Rising sea levels and subsiding land are combining to gobble up more than two acres of the Mississippi Delta every hour. There is little dispute that this ecologically and economically important region -- and more significantly, the future of metropolitan New Orleans -- is under threat. What isn't clear, however, is how fast different parts of the delta are subsiding.

Previous studies of delta geological records from the past 8,000 years give a conflicting history. Some researchers find a pattern of a smooth, gradual rise in relative sea levels. Others indicate a step-like pattern suggesting long periods of stability, followed by dramatic elevations in sea level. But a new study led by Torbjorn Tornqvist, an assistant professor of earth and environmental sciences at the University of Illinois at Chicago, lends credence to the gradual rise hypothesis.

The evidence for Tornqvist's findings lies deep beneath the Mississippi Delta mud, or more precisely, in the peat that's packed beneath the muddy swamps.

"There's a lot of confusion about how sea level has changed in the delta over the last 7,000-8,000 years. Land loss is a potential problem in many coastal areas, but even more so in the Mississippi Delta because it is subsiding very rapidly," said Tornqvist.

For two summers, Tornqvist and his researchers took peat samples from 30 sites stretching between Baton Rouge and New Orleans, digging as deep as 12 meters to get the evidence they were looking for.

"Peat is organic matter. Plant material accumulates and is preserved in this wet environment. Peat contains remnants of plants that we can sieve out, like seeds or little pieces of wood. Some of these species are indicators of brackish water. If we find that, we know we must have been very close to sea level," he said.

Tornqvist's samples from different elevations in the eastern delta covered an area of about 20 square kilometers. The material collected was then carbon 14 dated using state-of-the-art accelerator mass spectrometry. Findings were plotted for sample age against depth below mean sea level.

"Our evidence shows that the natural pattern of sea level rise has been very smooth," said Tornqvist. The new data contradicts studies suggesting alternating long periods of stable sea levels, punctuated by short periods of extreme rises. The findings were reported in the Nov. 12 issue of Eos, the weekly newsletter of the American Geophysical Union.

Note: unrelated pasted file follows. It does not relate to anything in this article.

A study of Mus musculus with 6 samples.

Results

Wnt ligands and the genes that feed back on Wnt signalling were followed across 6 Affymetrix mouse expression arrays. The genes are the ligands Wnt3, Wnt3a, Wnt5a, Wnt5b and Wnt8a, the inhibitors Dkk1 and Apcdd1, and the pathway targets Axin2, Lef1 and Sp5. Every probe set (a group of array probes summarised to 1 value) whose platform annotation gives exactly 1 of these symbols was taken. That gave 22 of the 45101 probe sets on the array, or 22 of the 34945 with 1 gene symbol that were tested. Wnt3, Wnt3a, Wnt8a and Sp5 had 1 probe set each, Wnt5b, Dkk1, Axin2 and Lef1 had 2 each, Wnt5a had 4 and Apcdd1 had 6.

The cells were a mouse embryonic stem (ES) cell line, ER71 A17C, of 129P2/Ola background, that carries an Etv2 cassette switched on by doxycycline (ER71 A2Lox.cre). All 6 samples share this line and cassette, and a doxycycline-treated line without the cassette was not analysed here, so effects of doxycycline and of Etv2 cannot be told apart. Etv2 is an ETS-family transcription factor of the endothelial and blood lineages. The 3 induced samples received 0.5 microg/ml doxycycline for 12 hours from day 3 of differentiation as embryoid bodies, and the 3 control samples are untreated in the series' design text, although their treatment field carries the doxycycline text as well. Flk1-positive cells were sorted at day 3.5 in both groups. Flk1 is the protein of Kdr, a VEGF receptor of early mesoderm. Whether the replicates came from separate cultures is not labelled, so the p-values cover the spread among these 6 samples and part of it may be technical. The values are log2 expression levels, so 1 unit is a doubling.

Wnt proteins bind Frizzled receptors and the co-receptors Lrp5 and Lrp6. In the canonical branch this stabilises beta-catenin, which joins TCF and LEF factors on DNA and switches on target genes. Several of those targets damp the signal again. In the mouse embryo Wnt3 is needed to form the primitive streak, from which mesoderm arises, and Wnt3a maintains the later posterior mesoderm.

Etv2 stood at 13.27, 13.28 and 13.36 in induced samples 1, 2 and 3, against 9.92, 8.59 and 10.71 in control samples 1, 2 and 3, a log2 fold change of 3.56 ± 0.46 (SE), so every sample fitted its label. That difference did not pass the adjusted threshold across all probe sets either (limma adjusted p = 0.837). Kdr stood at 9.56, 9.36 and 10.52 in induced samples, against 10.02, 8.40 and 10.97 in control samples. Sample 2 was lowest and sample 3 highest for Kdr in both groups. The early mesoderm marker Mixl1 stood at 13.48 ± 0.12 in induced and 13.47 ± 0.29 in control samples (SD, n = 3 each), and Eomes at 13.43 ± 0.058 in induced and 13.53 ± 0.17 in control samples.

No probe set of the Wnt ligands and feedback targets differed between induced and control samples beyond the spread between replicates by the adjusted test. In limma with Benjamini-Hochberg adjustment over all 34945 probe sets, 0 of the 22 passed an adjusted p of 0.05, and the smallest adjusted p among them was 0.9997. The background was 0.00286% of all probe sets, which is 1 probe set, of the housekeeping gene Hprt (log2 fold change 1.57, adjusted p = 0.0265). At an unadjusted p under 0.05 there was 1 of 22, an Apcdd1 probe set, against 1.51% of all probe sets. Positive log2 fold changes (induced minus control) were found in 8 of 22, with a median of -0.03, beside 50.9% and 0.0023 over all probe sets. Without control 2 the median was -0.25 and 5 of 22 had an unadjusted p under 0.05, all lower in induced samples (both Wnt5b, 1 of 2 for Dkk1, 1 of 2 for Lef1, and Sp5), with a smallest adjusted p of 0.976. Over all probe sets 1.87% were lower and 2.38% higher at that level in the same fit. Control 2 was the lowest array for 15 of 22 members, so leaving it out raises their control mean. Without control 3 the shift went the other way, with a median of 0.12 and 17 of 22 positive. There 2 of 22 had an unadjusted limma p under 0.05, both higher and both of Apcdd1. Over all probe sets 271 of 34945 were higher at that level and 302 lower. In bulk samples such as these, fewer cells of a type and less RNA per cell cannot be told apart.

Tornqvist's use of peat samples to read for geological clues is a first for the Mississippi delta region. He's excited about the technique.

"This is a perfect technique to see if there are variations in subsidence rates within the Mississippi Delta, or the entire coastal Louisiana," he said. "If that's the case, this will help enormously in making predictions of which areas are the most sensitive to wetland loss and coastal erosion. It may not be the same throughout all of coastal Louisiana. There's probably regional variation."

Tornqvist's Eos article was co-authored by UIC doctoral student Juan Gonzalez, Lee Newsom of Pennsylvania State University, and Klaas van der Borg and Arie de Jong of Utrecht University in the Netherlands. The research was supported by a grant from the National Science Foundation.

Tornqvist's research team is presently collecting samples from the western Mississippi delta with the aim of finding peat that may yield relative sea level information about the past 3,000 years. Samples collected from the eastern delta region show the period from 3,000 to 8,000 years before the present.

"It's not that such samples don't exist in the eastern delta. There's probably loads of sites," said Tornqvist. "It's a logistical problem. Most of the areas we work in are surrounded by swamps," he explains. "They're just impossible to get into." The western delta study sites are more accessible.

Not that Tornqvist minds a bit of mud on his work boots. "Swamps are beautiful. I love to get into them," he said, "... when I'm in a boat."